How to Start a Presentation

I remember the day clearly. I was working as a Marketing Director for a large publishing company, and I was about to give my first quarterly marketing presentation to the entire sales team. Sales reps flew from all over the country for this event so it was kind of a big deal. I was just a few weeks on the job and this was my one big moment to impress as many people as possible and set the right first impression.

I just wish the presentation went the way I intended because it clearly didn’t achieve that objective. I absolutely fumbled the beginning. I wasted an entire minute wandering aimlessly and not providing any clear direction for my audience. It was terrible.

The audience was disinterested. They were checked out. Even I had lost interest in my subject matter – all because of an awful start.

I vowed that day – no more. No more under preparing. No more winging it. No more. Period. I was going to master how I start my presentations.

So, I did the research. I read the books. I studied the masters. And, here are the five proven techniques I uncovered to anyone open any presentation strong.

Start with a story
I love hearing evidence in any presentation because when you share facts and stats they build your credibility and validates you as the expert. However, when it becomes your only mechanism for presenting, it can quickly become crippling and that is where the importance of storytelling comes into play. Audiences love the research but they crave stories even more so. It’s how we connect and communicate as human beings. Here’s the evidence: when you only share facts and stats with your audience, you are either going to receive agreement or disagreement. If your audience agrees with you, they will be taking notes and hanging on to every word. If they disagree with you, you’ll soon find a wall up between you and the audience. But, if you tell a story, you get participation and that is golden.

I’ll give you an example. If I was to start a presentation by sharing that I am training for a marathon, are you going to agree or disagree with me. Neither. You are going to participate with me. Perhaps you also trained and completed a marathon? If not you, maybe your spouse did or your sibling or close friend? Either way, you have context and something to relate to as I share my marathon journey. That’s the power of a story.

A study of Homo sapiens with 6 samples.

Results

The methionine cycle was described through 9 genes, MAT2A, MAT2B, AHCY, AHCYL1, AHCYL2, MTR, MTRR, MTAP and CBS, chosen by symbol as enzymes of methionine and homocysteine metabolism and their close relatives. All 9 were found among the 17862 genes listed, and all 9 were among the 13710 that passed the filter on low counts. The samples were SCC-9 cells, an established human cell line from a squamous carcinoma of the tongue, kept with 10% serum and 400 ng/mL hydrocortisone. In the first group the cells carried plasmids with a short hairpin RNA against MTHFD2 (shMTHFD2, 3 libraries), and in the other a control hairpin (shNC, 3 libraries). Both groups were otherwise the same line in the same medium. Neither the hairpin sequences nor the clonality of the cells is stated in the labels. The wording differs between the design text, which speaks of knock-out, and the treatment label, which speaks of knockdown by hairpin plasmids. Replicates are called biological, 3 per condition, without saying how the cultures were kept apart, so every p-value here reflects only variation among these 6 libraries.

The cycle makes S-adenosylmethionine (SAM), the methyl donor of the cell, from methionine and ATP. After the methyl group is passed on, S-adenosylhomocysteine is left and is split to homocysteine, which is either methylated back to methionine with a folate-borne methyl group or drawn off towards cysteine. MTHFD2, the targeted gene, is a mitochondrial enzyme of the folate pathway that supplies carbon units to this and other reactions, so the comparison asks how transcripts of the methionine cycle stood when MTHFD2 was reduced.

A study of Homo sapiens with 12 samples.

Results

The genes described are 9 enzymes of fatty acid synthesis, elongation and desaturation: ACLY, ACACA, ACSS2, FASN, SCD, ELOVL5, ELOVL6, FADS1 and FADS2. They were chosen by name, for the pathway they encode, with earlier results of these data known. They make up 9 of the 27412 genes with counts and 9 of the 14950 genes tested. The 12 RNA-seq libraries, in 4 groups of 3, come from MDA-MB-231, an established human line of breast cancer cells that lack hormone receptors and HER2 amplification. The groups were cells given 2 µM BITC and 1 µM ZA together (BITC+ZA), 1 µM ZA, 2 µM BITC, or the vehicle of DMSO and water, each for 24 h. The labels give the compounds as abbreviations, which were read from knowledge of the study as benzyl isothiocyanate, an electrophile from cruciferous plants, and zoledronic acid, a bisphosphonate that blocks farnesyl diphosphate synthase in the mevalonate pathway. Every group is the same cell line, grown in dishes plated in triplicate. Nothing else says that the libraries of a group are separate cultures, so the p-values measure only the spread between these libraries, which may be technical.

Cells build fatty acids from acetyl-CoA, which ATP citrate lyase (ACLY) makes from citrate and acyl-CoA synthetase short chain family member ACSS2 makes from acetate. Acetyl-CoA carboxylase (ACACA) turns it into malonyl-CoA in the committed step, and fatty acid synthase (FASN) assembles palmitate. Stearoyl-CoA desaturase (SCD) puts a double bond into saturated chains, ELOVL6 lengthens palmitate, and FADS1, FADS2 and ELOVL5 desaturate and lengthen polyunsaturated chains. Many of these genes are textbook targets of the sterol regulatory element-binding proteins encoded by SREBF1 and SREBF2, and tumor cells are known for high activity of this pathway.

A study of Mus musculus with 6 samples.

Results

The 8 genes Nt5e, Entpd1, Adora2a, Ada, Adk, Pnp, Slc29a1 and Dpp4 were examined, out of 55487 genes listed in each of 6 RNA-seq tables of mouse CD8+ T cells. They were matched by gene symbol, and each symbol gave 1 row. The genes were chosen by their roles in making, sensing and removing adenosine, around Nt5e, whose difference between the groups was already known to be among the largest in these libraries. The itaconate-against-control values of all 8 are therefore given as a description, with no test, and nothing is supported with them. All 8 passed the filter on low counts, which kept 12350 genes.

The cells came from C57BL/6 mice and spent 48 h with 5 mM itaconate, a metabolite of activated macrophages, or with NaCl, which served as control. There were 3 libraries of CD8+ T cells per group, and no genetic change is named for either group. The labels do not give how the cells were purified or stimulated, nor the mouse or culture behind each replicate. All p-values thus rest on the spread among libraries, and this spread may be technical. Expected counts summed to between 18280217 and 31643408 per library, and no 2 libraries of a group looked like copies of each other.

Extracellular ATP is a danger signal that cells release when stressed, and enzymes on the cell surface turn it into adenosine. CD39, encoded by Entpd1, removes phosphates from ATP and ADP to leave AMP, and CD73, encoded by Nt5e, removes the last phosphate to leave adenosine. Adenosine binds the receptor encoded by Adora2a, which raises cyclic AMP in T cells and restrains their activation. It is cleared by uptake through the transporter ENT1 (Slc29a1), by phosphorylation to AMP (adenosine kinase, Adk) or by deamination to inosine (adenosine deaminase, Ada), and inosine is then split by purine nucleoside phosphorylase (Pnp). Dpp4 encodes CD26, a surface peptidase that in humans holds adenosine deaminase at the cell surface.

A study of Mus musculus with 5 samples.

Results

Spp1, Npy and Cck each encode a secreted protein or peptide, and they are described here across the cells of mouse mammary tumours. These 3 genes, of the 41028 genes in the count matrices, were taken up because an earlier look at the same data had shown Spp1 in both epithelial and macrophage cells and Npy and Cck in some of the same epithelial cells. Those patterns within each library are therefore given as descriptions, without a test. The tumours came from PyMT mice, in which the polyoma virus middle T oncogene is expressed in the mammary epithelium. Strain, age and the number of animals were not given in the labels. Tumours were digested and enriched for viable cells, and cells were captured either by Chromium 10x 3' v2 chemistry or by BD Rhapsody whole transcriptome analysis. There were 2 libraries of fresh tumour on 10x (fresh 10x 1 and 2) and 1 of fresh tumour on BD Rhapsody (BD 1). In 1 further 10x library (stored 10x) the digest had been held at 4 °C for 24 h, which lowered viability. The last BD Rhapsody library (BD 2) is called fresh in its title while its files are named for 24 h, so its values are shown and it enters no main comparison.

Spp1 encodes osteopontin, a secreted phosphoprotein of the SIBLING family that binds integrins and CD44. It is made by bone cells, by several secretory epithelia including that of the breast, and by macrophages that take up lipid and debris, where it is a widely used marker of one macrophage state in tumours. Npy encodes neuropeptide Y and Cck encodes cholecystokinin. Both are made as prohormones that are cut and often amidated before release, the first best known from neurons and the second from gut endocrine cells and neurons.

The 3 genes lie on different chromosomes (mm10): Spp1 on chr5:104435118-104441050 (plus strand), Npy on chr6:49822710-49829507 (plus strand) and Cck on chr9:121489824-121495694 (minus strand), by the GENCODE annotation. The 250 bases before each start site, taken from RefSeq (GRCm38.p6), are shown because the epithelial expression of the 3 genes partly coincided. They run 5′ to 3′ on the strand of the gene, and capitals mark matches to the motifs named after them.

Be prospective or retrospective
This above heading is just a fancy way of saying look to the future or look to the past. This is one of my favorite techniques because it gets your audience invested by making your opening relatable. I’ll give you an example for both.

Prospective: You’ll want to paint the future for your audience by using a key opening statement and that will really be powerful and resonate with them. A strong example of this would be an opening line like: “30 years from now, your job will not exist.” Now, you have there attention and they want to learn more.

Retrospective: With this approach, you’ll want to do the opposite and focus on the past but use it in such a way to state something alarming as to draw attention. Here’s an example: “In 1983, China owned 9% of the market. Today, they own 32%.” Again, it’s another shocking statistic by simply looking to the past.

Quote someone
This tactic is probably the easiest of this batch to create and implement. All you need to do is simple: quote someone. Let’s say you were going to give a talk about resilience and fortitude. This would create a great opportunity to quote someone like Henry Ford, Thomas Edison, or even a modern thought leader like Tony Robbins. You’ll simply want to open with the quote before you say anything else. Let’s use one of the above as an example:

Good morning, everyone! Henry Ford once said “If you think you can do a thing or think you can’t do a thing, you’re right.”

It’s that simple. You’ll immediately sound credible, researched, and look credible on subject matter. It will then be your responsibility to maintain it.

Starting a presentation strong is absolutely critical since it allows you take control, build trust with your audience, and secure their confidence in you that you will steer the conversation in the right direction. It takes practice but with a little bit of discipline you should start looking like a presentation master the next time you are in front of a room.

The post How to Start a Presentation appeared first on Presentation Mentor.